Another Anti-Aging Treatment… For Mice
Scientists have made yet another anti-aging discovery. But unless you have whiskers and a tail, it probably won't do you that much good.
The latest studies found that injecting old mice with the blood of younger mice reversed signs of aging like cognitive decline. But don't get your whiskers in a twist over this vampire-esque procedure just yet. Most treatments that work in mice do little for us humans.
"After all, people get transfusions pretty routinely," said Dr. David Katz, director of the Yale University Prevention Research Center, who was not involved in the study. "If older people get transfusions, they're likely getting blood from younger people. I don't know if there's any evidence that they turn out to be smarter."
Katz called it a "leap of faith" to hope that cognitive findings in mice would be replicated in humans, considering that brain function is so different between the two species. Researchers have long been able to stave off signs of aging in mice with ingredients found in everything from red wine to yogurt and even discarded foreskin. But most of those methods have been less than magical in humans.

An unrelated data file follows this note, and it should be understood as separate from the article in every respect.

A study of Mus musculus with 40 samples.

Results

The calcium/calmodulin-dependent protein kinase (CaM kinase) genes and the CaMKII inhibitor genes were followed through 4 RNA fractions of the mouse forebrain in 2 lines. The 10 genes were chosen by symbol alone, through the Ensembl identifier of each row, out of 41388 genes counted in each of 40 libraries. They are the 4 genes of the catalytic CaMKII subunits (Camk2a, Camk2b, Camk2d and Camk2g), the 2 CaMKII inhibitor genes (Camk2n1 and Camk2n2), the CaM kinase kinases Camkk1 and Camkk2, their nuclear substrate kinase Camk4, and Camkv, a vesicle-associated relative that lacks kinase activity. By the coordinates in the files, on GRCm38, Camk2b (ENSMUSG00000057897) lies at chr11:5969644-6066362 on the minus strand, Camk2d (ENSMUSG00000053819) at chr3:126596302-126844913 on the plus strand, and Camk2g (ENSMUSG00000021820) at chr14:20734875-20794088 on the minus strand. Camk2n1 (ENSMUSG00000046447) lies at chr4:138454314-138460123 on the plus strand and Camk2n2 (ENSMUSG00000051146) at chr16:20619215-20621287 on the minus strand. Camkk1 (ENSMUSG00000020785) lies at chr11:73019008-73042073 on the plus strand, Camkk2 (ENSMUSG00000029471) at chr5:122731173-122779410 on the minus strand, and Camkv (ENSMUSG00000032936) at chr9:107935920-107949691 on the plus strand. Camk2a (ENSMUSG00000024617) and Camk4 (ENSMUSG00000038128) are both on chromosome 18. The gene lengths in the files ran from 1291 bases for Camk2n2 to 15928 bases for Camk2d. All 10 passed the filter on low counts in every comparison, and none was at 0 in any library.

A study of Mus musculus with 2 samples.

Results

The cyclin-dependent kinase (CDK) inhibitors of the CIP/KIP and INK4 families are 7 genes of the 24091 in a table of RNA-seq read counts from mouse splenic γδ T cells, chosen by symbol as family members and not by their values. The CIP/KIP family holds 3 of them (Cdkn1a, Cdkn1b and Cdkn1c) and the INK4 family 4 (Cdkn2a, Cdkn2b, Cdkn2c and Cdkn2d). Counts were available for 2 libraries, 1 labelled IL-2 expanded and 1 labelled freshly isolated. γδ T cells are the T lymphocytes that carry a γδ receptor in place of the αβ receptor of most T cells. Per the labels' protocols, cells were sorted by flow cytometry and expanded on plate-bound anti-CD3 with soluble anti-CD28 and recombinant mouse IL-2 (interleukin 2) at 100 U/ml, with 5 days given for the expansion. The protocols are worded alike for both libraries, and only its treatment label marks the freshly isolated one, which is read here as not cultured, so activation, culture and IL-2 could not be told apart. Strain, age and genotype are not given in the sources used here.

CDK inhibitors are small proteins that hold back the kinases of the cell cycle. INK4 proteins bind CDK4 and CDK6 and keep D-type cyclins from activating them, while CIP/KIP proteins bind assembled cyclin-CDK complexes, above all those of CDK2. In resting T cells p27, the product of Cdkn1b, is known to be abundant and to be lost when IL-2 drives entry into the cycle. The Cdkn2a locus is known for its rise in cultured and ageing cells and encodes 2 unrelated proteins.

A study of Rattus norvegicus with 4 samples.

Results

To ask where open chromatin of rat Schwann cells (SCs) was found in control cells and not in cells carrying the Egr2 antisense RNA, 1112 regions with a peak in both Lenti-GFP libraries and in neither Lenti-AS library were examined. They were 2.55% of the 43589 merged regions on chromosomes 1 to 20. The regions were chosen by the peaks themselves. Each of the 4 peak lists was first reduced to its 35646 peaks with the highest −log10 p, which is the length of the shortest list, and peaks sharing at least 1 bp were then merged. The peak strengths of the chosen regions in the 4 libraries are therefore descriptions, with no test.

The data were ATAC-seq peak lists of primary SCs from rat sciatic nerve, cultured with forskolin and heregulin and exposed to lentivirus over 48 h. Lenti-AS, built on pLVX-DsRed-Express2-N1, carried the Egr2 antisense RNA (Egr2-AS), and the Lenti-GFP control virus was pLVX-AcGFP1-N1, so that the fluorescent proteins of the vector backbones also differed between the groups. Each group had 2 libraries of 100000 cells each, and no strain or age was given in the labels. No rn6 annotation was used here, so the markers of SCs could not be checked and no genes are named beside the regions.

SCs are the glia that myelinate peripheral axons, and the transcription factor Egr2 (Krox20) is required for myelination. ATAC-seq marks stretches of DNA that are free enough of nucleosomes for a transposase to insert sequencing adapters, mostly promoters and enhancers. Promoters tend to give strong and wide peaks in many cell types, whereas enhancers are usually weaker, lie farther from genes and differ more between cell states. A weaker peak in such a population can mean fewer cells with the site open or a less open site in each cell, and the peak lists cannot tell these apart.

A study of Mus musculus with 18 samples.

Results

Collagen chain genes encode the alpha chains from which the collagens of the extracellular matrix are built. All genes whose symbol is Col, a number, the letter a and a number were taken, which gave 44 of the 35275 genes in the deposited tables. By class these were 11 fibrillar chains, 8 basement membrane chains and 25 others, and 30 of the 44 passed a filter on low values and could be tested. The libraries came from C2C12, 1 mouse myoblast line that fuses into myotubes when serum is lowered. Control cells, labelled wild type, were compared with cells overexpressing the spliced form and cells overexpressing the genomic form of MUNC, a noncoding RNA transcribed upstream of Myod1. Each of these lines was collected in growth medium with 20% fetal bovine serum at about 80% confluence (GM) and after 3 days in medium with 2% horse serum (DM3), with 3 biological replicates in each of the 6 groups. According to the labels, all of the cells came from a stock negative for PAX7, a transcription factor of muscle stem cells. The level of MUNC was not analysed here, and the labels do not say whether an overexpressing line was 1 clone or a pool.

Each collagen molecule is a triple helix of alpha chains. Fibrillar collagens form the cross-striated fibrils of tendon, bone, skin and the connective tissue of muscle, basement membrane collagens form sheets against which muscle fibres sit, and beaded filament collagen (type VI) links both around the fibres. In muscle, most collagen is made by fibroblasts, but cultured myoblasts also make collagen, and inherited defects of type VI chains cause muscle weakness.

Katz estimated that the proportion of mouse studies that translate into human treatments was less than one percent.
"A huge number of animal studies cure cancer or the common cold," he said. "Years go by and none of that stuff has actually happened."
Let's not forget the researcher who cured baldness in five mice after sewing bits of discarded foreskin onto their bodies. Scientists in Tokyo, Los Angeles and Baltimore have found other ways to make bald mice sprout fur over the last decade, but none have made their way into humans.
Then, there was the study about probiotics in yogurt that made mice slimmer, shinier and sexier. Researchers at the Massachusetts Institute of Technology noticed the males had more "swagger," and that their testicles were 5 percent bigger. The female mice had larger litters. What's yogurt done for you lately?
But just because 99 percent of mouse studies come up short on the eureka discovery they promised, that doesn't mean people should be discouraged, Katz said.
Remember hearing about resveratrol, the so-called anti-aging compound in red wine that had everyone clamoring for Cabernet and Malbec? The craze started in 2006, when Harvard researchers found that the compound counteracted fatty diets, but it reached fever pitch when studies showed that it staved off death in mice, allowing them to outlive their resveratrol-deprived litter mates by 44 percent.
Although a small group of men experienced metabolic health benefits from resveratrol in a 2011 study, doctors stressed that the compound is unlikely to be a substitute for healthy living. And so far, even though you can buy the stuff in pill form, people aren't living longer.
Still, Katz said it has more promise than the mouse blood study, and may still help humans without necessarily staving off death.
"It very may well be that 99 studies don't produce the breakthrough, but all of them contributed to the one that does," Katz said. "They're all helping move the ball down the field."